10 Ways You Can Help An Alcoholic Friend or Family Member
Seeing someone you care about struggle with alcohol addiction can be a heart-wrenching situation. Addiction usually causes serious problems both in one’s professional and personal life. It’s common for family members and friends to want to support an alcoholic, but it’s easy to make mistakes as you try to help an alcoholic friend or family member. Sometimes, the best of intentions can enable an addiction instead of helping someone get sober. At White Sands Treatment Center, we offer a customized approach that enables us to effectively assist patients with drug and alcohol addictions. Our highly qualified staff at our private facility offers high-quality, individualized recovery programs, and we also specialize in supporting and teaching loved ones how to help someone with alcoholism.
10 Ways to Help an Alcoholic Friend or Family Member
1. Be Honest: The stigma of alcohol addiction can be strong, which often leads people to deny, ignore, or hide symptoms and issues. When you have concerns about someone’s addiction, facing the concerns and being honest about them is the first step in getting them help.
2. Avoid Enabling: Looking the other way or ignoring symptoms does not help alcoholics. On the contrary, ignoring or even helping someone hide repercussions from drinking usually enables the behavior and could even make it worse.
3. Confront Carefully: As you strive to help an alcoholic friend, you will need to have an open and honest conversation about their addictive behaviors. Choose the time for this confrontation carefully, however. Do not attempt to have a conversation about addiction when the alcoholic has been drinking or when the person is under stress. Early in the day is the best time for many alcoholics. Remember to remain calm, even if the alcoholic becomes upset.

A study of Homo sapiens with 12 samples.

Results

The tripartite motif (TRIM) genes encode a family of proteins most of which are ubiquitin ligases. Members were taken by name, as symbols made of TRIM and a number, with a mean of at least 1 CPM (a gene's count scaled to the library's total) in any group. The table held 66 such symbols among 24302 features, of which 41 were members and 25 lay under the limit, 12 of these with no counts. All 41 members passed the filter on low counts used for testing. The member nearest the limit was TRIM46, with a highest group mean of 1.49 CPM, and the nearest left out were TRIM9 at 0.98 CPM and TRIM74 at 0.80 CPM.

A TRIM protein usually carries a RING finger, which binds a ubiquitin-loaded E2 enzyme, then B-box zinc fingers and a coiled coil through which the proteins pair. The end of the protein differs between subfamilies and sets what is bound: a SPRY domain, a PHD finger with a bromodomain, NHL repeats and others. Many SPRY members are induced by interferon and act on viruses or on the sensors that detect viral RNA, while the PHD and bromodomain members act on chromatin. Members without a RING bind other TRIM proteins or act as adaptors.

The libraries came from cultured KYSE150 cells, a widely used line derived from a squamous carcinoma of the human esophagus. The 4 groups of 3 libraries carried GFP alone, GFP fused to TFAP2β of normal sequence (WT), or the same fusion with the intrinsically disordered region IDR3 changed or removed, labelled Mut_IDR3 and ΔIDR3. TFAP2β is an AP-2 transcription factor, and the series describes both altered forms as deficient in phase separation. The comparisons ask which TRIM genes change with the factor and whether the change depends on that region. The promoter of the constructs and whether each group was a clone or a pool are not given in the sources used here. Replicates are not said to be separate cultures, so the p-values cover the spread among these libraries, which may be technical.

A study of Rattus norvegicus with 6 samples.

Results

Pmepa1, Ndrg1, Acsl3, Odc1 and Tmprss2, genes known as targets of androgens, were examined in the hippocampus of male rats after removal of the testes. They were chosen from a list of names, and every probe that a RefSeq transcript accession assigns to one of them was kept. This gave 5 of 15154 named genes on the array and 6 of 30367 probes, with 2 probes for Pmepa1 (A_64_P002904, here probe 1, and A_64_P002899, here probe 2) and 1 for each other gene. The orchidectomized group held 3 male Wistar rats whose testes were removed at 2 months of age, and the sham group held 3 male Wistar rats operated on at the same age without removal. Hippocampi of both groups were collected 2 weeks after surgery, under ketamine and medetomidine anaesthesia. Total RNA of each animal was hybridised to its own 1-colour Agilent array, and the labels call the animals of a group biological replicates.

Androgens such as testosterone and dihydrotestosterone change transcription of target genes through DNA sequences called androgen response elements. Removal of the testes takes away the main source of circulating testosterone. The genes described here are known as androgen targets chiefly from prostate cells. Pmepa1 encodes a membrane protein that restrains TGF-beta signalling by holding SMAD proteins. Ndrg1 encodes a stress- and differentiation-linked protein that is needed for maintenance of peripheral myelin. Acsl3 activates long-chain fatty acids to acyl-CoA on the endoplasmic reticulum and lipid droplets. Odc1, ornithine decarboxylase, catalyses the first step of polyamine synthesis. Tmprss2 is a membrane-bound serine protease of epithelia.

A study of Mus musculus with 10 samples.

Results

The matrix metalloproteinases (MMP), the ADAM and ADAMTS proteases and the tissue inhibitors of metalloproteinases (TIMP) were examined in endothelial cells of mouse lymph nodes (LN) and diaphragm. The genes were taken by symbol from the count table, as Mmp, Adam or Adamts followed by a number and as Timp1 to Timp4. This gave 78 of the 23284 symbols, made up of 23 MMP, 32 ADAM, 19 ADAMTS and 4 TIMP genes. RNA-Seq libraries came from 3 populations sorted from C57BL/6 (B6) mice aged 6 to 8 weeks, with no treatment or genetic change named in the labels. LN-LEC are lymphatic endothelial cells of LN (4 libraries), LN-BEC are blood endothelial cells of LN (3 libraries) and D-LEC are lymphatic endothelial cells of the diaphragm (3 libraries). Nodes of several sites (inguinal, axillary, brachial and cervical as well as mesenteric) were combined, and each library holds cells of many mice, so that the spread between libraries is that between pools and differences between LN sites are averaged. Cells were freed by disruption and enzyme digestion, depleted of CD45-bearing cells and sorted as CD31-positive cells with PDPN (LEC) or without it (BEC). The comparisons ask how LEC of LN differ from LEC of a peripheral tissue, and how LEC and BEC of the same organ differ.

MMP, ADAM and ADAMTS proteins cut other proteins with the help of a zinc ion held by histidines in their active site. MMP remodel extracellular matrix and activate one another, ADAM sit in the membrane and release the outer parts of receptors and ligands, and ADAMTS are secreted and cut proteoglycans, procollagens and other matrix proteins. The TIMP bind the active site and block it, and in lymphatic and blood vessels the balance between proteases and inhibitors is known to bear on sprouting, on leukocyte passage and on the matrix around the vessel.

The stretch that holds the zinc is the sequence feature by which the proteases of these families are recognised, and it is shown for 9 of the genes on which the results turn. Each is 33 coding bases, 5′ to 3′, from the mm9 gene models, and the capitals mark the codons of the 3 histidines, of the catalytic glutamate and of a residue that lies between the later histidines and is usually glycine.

4. Consider Other Options: If your first conversation about alcoholism does not go smoothly, don’t give up. You may need to have several conversations about your concerns.
5. Involve Others: Gather other family members and friends to help you support an alcoholic. Ideally, this support group should consist of people the addicted person respects and trusts.
6. Suggest Rehab: Helping alcoholics often involves the suggestion of getting professional help to overcome their addiction. Recovery through customized rehabilitation programs can be extremely effective for helping alcoholics detox and get sober.
7. Intervention: An intervention with a professional interventionist may be necessary. In this situation, you and other people close to the alcohol addict engage the help of a professional who has experience helping alcoholics. The interventionist will engage with your loved one to facilitate agreement to get help.
8. Stay Involved: Your involvement won’t end after your family member or friend enters treatment. This is the time for you to learn about the illness, common symptoms, timeline for recovery, and what happens after release from a rehabilitation program.
9. Avoid Codependency: Family members often become consumed with worry and concern for an addicted person. With a desire to help alcoholics, people may become so emotionally invested that they engage in destructive behaviors not unlike the alcoholic does.
10. Take Care of Yourself: Helping alcoholics can be stressful for anyone, so pay attention to your own emotional health. When you feel anxious or sad, talk about your feelings with someone. Therapy for family members can be very helpful.
While it’s never easy to know exactly how to help someone with alcoholism, White Sands Treatment Center offers an individualized treatment approach and has a track record of success. Our team will assess the needs of the patient and family, offering the treatment necessary for recovery. Call us today or fill out the form to get help for someone you care about.